Aurora Bridge Crash: International Students Far From Family, But Not Alone
Seattle-area community college students are planning a vigil this week to remember the five international students who lost their lives on the Aurora Bridge. That’s just one example of how students here help each other. Foreign students are thousands of miles away from their families, but they’re not alone.
Diana Sampson travels all over the world, recruiting students for Shoreline Community College.
“A U.S. education helps students to think critically,” she said.
People around the world believe that. Sampson said that once at a college fair in Nepal, a crowd pressed around her, 10 people deep.
“It was just packed and crowded with people around our table with people looking in and trying to talk to us, one by one," she said. "It’s very exciting.”
Last year, over 18,000 students at Washington’s community colleges were from a foreign country. And the number is growing every year.
Parents do ask questions about safety, Sampson said.
“But Seattle is one of the safest places to live and study,” she added.
Families all around the world weigh the risks and rewards, and many of them choose to send their kids here. Extended families will scrape together their resources to invest in one child’s education in the U.S.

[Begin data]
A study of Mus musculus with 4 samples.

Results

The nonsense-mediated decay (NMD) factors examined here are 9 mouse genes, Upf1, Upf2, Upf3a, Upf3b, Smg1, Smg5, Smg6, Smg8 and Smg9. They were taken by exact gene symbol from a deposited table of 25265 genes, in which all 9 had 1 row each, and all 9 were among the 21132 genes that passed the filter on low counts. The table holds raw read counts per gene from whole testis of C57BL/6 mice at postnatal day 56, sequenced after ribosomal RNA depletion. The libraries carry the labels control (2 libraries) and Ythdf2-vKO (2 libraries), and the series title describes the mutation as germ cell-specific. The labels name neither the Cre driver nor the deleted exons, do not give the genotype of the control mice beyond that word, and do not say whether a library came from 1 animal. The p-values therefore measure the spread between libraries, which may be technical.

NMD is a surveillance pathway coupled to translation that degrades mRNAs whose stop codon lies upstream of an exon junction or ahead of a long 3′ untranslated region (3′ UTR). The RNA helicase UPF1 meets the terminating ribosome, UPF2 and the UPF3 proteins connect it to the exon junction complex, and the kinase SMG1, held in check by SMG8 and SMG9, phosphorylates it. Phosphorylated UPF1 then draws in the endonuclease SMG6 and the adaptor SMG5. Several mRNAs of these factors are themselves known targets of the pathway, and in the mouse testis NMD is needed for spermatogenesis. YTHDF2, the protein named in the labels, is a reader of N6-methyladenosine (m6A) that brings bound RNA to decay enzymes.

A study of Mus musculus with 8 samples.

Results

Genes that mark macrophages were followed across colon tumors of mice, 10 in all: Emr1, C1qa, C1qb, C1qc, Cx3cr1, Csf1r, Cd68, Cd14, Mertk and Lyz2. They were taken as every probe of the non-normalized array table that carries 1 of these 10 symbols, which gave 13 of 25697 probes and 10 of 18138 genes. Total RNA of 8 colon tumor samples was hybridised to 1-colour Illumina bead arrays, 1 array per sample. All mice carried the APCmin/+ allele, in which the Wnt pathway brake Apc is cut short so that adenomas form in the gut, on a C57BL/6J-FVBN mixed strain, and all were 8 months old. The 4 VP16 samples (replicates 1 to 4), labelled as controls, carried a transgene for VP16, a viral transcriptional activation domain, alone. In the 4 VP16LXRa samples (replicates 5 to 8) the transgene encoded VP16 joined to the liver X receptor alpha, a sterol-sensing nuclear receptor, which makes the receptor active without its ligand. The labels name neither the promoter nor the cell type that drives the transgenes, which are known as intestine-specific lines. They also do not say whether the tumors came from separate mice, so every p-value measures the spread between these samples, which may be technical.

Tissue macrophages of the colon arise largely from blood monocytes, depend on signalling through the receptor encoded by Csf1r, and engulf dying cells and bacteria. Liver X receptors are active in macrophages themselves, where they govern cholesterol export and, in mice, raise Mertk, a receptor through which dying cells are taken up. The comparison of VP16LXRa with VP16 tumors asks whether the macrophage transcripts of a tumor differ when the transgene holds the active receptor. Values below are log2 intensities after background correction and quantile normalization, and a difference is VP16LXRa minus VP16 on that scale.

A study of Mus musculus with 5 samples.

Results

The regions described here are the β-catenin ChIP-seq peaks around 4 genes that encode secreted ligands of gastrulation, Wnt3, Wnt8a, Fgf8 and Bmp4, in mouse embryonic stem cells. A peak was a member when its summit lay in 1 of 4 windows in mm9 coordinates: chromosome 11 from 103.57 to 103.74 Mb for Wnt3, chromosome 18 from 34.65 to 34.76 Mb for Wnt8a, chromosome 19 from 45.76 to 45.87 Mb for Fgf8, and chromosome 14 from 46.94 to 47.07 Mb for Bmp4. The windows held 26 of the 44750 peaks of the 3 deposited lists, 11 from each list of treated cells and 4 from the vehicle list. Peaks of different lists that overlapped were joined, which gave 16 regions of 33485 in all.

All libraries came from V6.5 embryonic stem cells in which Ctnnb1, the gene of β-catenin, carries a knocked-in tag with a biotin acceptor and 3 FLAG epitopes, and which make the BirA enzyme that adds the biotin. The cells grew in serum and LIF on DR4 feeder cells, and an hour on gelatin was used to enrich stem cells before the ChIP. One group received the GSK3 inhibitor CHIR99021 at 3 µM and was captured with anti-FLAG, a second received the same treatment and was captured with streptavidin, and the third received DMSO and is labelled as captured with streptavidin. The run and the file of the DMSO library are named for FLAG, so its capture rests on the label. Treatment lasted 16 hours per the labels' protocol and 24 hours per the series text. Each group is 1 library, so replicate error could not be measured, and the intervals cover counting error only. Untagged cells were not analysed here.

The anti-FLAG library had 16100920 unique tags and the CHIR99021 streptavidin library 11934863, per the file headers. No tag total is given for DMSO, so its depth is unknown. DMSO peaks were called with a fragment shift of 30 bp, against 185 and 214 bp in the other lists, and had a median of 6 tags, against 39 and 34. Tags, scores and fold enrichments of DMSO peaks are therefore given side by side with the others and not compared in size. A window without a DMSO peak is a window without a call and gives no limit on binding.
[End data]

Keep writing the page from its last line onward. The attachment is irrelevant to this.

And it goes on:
“And in many cases, this may be your only child and your hopes and dreams,” Sampson said.
That puts a lot of pressure on a young student. Minh Vo came to Shoreline Community College from Vietnam.
“I understand that when you send your daughter, your child, far away from you, a thousand miles away from you, you hope the best for them, but …,” she said.
Vo’s first quarter at here didn’t go so well.
“I was really scared, I don’t want to do anything, I just want to sit in my room and do my homework, go to school and go back to home,” she said.
Colleges like Shoreline work hard to reach students like this. They offer field trips to see the sites around Seattle.
Older students, like Winston Lee from Hong Kong, teach them how to navigate this culture. Even things like negotiating over a used-car price.
“Those sellers are maybe not friendly to our international students,” Lee said.
He advises them: “Stick with your principle.”
Then there are the extracurricular classes, like a ukulele class at Shoreline. Most of the students are from foreign countries.
All that outreach helps international students feel safe.
“It changed me in every way,” Vo said.
Vo, the student who sat alone in her room, now has a strong network of friends at Shoreline Community College.
“You know that you are not alone in your fight," she said. "You have other people surround you.”
Those friends come from all over the world.
“It’s surprising that we just talk the same language, we have the same path, or we even, like, laugh about the same joke. It’s really cool,” she said.